Thanks to the outpouring of replies on the Golden Dawn Group yahoo forum to Nick Farrell's post, I have been thinking today about whether or not Golden Dawn Orders should be ran like businesses.
What got me thinking about it was a comment that said if a group has a website, then it is a business and it is advertising and applicants are its customers...and the customer is always right.
I will admit that I have always viewed the Order system, both esoteric (ex. Golden Dawn) and exoteric (ex. Freemasonry and the Woodmen of America), as a business model. It comes from being a restaurant manager for ten years, an apprentice to my father (who was self-employed a good part of his life), and being a freelance writer.
In fact, I find that some of the behavior that other people find unbecoming of an esoteric system, such as the mud-slinging, advertising, and lawsuits, to be perfectfully understandable if you think of the lodge system as a type of business.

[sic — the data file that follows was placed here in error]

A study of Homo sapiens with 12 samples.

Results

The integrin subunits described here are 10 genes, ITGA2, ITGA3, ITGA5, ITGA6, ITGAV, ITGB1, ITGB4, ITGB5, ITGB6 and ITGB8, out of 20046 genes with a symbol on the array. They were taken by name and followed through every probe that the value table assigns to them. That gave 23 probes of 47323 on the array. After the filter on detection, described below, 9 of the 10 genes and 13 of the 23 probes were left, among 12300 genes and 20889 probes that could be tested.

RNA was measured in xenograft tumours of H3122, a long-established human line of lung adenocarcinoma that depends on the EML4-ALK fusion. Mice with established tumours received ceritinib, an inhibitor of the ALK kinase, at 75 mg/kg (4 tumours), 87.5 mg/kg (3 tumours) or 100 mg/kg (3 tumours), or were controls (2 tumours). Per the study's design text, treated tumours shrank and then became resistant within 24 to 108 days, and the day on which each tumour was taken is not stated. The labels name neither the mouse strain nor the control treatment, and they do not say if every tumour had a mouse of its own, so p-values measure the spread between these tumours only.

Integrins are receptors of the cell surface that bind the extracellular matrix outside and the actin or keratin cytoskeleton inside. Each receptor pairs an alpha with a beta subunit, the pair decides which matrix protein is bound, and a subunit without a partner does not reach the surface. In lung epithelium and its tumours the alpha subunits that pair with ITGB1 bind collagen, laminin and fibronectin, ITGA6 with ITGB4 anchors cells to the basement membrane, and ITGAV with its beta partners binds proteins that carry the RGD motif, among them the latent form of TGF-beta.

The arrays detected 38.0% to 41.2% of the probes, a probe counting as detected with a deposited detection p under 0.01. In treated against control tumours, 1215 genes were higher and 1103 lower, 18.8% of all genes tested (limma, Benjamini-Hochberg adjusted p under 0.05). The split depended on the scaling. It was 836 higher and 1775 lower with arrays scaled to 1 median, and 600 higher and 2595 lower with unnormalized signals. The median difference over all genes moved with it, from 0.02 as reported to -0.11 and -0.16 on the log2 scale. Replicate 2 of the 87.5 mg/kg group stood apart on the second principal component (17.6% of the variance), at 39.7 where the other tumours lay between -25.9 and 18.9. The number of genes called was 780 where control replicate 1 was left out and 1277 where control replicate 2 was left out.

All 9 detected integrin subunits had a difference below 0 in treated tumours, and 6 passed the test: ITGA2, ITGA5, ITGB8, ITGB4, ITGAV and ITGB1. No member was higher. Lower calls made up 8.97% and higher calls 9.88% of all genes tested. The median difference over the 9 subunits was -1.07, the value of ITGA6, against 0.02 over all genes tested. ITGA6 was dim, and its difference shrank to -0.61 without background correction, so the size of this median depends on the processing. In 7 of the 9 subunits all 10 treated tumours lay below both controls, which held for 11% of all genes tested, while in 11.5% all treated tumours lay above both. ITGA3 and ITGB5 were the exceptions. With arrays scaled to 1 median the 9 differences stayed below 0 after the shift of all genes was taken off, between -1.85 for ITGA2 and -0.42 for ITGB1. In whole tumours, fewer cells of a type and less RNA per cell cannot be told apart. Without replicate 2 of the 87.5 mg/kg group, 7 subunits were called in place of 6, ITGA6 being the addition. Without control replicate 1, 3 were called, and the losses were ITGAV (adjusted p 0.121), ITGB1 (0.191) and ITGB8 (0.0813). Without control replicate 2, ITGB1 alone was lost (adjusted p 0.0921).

Note that I say "understandable." I don't think that such behavior is anything to brag about, or even desirable in an esoteric system, but I do understand it.
And considering that all of the Big Three (the three Big Name Orders that I consider to be at the top of the heap GD-wise) have at least one business person (current or ex- business owner) in their upper echelon, it is not really surprising.
So the question becomes what type of business is Golden Dawn?
My answer to that one is that Golden Dawn is a co-op. For those of you who have not experienced co-ops up close and personal, a co-op is a business owned by the customers who use it. Credit unions, farmers co-ops, grocery co-ops are all good examples.
A co-op is ran and governed by its members for the benefit of its members. And you have to qualify to be a member of a co-op; they don't just allow anyone in.
Repeat after me: A magical lodge (Order) is a group of people pooling resources to accomplish a common magical goal. In the case of a Golden Dawn based group, it is to study and practice the Golden Dawn and RR et AC material.
There is nothing in that definition that says that a lodge can not be ran like a business, though it would be a highly picky business that was choosy about who it did business with. If it is not co-op, I don't know what it is.
(Of course, this is based on my ideal of the physical meeting based lodge; Orders that specialize in doing correspondence courses, allow everyone in and are typically owned and controlled by a single person.)